SANTA CRUZ COUNTY—Health officials across the globe have implemented shelter-in-place orders to slow the spread of the novel coronavirus, requiring most people to stay in their homes.
But four weeks into Santa Cruz County’s shelter-in-place advisory, advocates of domestic violence victims say that the measures aimed at improving public safety and public health could have the opposite effect. Unable to leave their homes to seek help, they are more likely to suffer further abuse, said Laura Segura, executive director of Monarch Services.
Worse, the order makes it easier for abusers to isolate victims from their families, and stop them from seeking help, Segura said.
“With this shelter-in-place, it makes them more vulnerable because of the isolation that they are already experiencing,” she said. “They are not able to access the networks that they typically use to seek help.”
Since Santa Cruz County Public Health Officer Dr. Gail Newel announced the order on March 16, calls to the organization’s help line have increased “significantly,” Segura said.
The organization’s crisis line has experienced a 45 percent increase in total calls, while its own calls for service have gone up 60 percent, she said.
Monarch’s emergency shelter is at capacity, and advocates are providing hotel vouchers for people who need to escape their homes. One client who asked not to be named told advocates she would rather get coronavirus than stay in their abusive relationship.
“It’s all-hands-on-deck right now,” Segura said. “Everyone is working 24 hours, and we’re all available on call. We’re as busy as can be, but we’re grateful to be able to provide this service for people that are in crisis.”
On top of all that, Segura said that the organization is worried about funding, and that Monarch is looking to apply for grants.
Julie Macecevic, executive director of the Walnut Avenue Family and Women’s Center, said that her call lines have been “eerily silent.” This can be just as ominous as a flood of calls, she said, since it can mean that victims are unable to seek help.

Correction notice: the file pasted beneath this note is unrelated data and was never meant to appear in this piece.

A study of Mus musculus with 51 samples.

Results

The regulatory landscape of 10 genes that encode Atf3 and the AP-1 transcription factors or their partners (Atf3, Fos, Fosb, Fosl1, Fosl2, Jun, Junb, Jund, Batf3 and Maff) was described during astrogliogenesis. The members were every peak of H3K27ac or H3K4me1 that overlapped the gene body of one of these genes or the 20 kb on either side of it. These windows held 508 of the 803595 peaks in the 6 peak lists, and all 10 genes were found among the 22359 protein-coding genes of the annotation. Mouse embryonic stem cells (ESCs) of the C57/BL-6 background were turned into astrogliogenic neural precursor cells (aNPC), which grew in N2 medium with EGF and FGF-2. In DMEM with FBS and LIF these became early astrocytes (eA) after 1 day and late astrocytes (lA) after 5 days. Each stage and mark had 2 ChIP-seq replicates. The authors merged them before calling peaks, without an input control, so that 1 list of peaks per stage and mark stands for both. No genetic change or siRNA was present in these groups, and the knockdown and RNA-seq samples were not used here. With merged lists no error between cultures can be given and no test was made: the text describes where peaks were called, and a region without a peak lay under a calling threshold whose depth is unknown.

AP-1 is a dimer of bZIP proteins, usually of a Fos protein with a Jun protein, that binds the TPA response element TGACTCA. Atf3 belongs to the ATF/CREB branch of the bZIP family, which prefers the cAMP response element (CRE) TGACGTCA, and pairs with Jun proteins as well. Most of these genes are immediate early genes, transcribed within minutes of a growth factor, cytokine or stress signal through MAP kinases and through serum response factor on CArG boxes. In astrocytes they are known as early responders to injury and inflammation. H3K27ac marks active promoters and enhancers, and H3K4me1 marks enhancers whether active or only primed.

Macecevic adds that many victims need an excuse to leave their homes—such as taking their kids to school or going to the grocery store—to be able to seek help.
Neither the Santa Cruz County Sheriff’s Department nor Watsonville Police Department reported an uptick in domestic violence calls.
“Domestic violence victims are super controlled by their abusers,” she said.
Macecevic predicts that domestic violence organizations will get flooded with calls for help once the shelter-in-place order lets up.
Katie Ray-Jones, chief executive officer of the National Domestic Violence Hotline, said calls, texts and chats to the hotline remain in the average of 1,800-2,000 per day.
But advocates are seeing an increase in the number of survivors who say their abusive partner is using COVID-19 to further isolate, coerce, or increase fear in the relationship, Ray-Jones said.
Victims’ advocates are also bracing for the financial repercussions of the coronavirus.
With an economic recession on the horizon, victims will be financially less able to leave an abusive situation, Segura said.
“When there are difficult economic times, we see people struggling financially and it creates more stressors in the family to an already vulnerable situation,” she said.
Advocates saw a similar fallout during the economic recession of 2008.
In those situations, victims are frequently left with few options, Macecevic said.
“The biggest reason that survivors return to the homes of their abusers is that they have no means to support themselves,” she said.
Like Macecevic, Segura said that her organization is likely to see more domestic violence calls as the recession drags on.
The most important message, both Macecevic and Segura said, is that confidential help is available 24 hours a day from advocates trained to give advice, offer help and create a safety plan.
“We can walk them through the process,” Segura said.
Anyone who hears or sees a suspected domestic violence situation can also call those numbers for advice.
“This is going to continue on for a while so it’s really important that we come together as a community to get through this and support each other,” Segura said.